Monday, November 30, 2009

The cost of finance

Looking at the Kraft attempt to take over Cadbury, the FT makes the following observaton:

An investment grade company would look at paying between 300-325 basis points above Libor for bank debt today. Before the economic crisis an equivalent borrower could have obtained those funds for less than 100 basis points.

That compares with the average cost for investment grade companies issuing bonds for acquisitions of about 120-125 basis points over Libor. "There is an overwhelming trend to use the capital markets," said Ivor Dunbar, co-head of global capital markets at Deutsche Bank. "The cost of financing is more attractive and the banks generally cannot compete with that at present."

Sunday, November 22, 2009

Dark Pools

There is an item in the FT looking at possible SEC regulation of Dark Pools. It includes the following:

“Before computerised ‘dark pools’ existed, traders often chose to keep their bids and offers undisplayed . . . by giving a ‘not-held’ order to the floor brokers on the exchange who would then keep sensitive orders ‘in their pocket’,” said Dan Mathisson, head of the advanced execution strategies unit of Credit Suisse, to a US Senate panel in late October. Dark pools migrated from brokers’ shirt pockets to their computer systems by the late 1980s, and some of the largest systems are managed today by Goldman Sachs, Credit Suisse and LiquidNet.

These Dark Pools are increasingly controlled by investment banks and other financial institutions that run virtual market-making that are run by machines and controlled by algorithmic black-boxes. The system can take prices from major exchanges like the NYSE and the LSE and provide some price improvement for customers. The black-box can take positions based on simple mathematical rules and can be over-ruled by operators. The system remains very much dependent on the pricing information provided by major exchanges.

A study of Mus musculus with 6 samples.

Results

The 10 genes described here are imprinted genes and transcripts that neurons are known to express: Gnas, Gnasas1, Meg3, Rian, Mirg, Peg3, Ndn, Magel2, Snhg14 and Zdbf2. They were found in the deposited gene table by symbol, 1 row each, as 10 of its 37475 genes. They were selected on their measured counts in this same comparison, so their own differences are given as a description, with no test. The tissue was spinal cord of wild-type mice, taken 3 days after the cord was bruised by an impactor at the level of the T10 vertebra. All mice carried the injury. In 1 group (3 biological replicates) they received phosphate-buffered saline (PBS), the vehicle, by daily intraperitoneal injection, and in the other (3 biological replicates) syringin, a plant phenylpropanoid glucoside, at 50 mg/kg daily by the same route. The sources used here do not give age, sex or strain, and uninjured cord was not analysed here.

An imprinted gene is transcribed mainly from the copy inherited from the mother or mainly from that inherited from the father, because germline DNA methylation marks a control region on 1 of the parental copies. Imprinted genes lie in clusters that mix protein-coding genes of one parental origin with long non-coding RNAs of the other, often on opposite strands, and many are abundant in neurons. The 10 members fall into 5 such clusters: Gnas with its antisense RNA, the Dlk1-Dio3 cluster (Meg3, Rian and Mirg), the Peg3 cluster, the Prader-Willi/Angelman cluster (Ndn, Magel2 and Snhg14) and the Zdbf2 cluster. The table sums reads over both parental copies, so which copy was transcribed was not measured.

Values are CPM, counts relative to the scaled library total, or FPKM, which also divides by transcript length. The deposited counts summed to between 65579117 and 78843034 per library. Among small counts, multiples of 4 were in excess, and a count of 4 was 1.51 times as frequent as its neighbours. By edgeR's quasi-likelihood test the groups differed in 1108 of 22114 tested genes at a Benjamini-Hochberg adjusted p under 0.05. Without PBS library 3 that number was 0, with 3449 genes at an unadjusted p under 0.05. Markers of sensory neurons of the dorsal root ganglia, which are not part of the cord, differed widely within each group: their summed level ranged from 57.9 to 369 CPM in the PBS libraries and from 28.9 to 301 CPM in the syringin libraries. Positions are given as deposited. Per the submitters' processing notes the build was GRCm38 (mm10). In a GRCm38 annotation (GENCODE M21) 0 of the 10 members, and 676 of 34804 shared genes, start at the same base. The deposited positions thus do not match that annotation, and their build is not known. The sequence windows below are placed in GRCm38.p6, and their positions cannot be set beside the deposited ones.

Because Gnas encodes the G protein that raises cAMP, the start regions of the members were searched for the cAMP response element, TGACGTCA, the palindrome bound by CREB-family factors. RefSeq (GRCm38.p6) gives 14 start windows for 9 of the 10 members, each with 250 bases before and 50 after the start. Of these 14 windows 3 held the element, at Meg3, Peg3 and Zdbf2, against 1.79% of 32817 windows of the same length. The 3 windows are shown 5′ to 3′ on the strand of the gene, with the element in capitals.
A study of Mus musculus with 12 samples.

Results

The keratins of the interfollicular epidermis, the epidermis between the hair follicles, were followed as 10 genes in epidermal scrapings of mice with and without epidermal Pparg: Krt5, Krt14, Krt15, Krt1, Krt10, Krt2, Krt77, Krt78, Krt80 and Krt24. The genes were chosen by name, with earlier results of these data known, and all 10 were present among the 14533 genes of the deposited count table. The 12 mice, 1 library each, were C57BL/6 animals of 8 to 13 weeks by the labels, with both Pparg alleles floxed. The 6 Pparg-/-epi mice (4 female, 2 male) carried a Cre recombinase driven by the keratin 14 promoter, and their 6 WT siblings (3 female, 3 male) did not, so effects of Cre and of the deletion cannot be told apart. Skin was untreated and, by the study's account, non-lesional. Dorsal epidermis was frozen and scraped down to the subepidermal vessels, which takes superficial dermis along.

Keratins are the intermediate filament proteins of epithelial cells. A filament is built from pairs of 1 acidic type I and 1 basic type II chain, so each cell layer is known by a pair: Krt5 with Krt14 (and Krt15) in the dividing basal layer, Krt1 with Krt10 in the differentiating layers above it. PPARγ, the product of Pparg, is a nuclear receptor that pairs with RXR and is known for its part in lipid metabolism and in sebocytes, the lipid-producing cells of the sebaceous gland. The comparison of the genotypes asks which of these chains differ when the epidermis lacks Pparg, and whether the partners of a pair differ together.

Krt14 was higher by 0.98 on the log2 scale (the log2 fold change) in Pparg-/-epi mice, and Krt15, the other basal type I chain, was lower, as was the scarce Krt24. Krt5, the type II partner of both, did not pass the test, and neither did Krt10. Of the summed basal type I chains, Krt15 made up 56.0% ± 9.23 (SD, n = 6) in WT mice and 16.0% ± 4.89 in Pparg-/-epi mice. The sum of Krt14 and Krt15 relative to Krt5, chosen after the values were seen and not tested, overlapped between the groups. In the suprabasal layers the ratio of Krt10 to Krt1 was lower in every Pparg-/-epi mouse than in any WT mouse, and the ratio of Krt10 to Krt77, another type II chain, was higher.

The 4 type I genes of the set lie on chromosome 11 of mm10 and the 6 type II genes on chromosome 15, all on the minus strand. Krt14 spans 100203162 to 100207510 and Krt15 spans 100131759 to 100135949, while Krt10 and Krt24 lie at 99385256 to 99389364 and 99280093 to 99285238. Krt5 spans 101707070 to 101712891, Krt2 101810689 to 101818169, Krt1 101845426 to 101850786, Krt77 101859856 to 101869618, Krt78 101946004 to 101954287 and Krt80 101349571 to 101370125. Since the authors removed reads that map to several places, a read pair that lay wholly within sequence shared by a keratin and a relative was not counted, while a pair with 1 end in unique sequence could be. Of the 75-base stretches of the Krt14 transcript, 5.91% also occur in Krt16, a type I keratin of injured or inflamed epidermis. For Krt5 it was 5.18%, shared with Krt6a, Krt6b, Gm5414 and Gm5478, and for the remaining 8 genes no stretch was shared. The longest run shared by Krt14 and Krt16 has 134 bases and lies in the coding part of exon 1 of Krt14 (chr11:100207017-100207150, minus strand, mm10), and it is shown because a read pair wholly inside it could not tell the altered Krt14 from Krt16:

Monday, November 16, 2009

Lloyds bad debts

The FT looks at some of bad loans that Lloyds acquired from HBOS.

The development is a further sign of the fallout from the bank’s ill-fated acquisition of HBOS, made during the banking crisis.

At the end of last year, Lloyds took a £12.4bn impairment charge, mostly related to HBOS’s lending spree in commercial property. Lloyds took a further £13.4bn of impairments in the first half of this year, of which £9.7bn again related to HBOS’s corporate loan book.

However, Lloyds believes that will represent the peak of its impairment charges.

Lloyds is also Kenmore’s main lender and joint venture equity partner through its Uberior arm. The listed Kenmore European Industrial Fund is unaffected.

The Edinburgh-based investment and development property group was backed by Peter Cummings, who ran the corporate bank at HBOS. Largely as a result of his dealmaking, loans and advances in HBOS’s corporate division rose from £85.8bn in 2004 to £116.9bn by mid-2008.

Saturday, November 07, 2009

Inflation expectations

Haubrich, Pennachi and Richken take a closer look at inflation expectation by using forecasts, break even rates and inflation swaps. They conclude that the risk premium has been steady between 29bp to 61bp over the last 30 years, suggesting that break even rates provide a pretty good estimate of anticipated price pressure.

Sunday, November 01, 2009

Central Bank Discussion

There is a discussion about the central bank and the nature of its assets at Worthwhile Canadian Initiative. A flavour:
There is some truth in this criticism of standard theories of the value of money. There are indeed two equilibria: the normal one, where paper money has value, and a weird one, where it is worthless. But Ludwig von Mises, for example, addressed this problem in 1912 with his Regression Theory of Money. Historically, money needed to be commodity money, or have commodity backing, in order to get started. But once it does get started, as a social institution, the demand for a medium of exchange supplements the industrial demand for the commodity, and the commodity backing can eventually be withdrawn as custom keeps us out of the weird equilibrium. (When Cambodia reintroduced paper money, after the fall of the Kymer Rouge, it could not create paper money ex nihilo, but initially made it convertible into rice, IIRC.)

Some interesting commentary as well.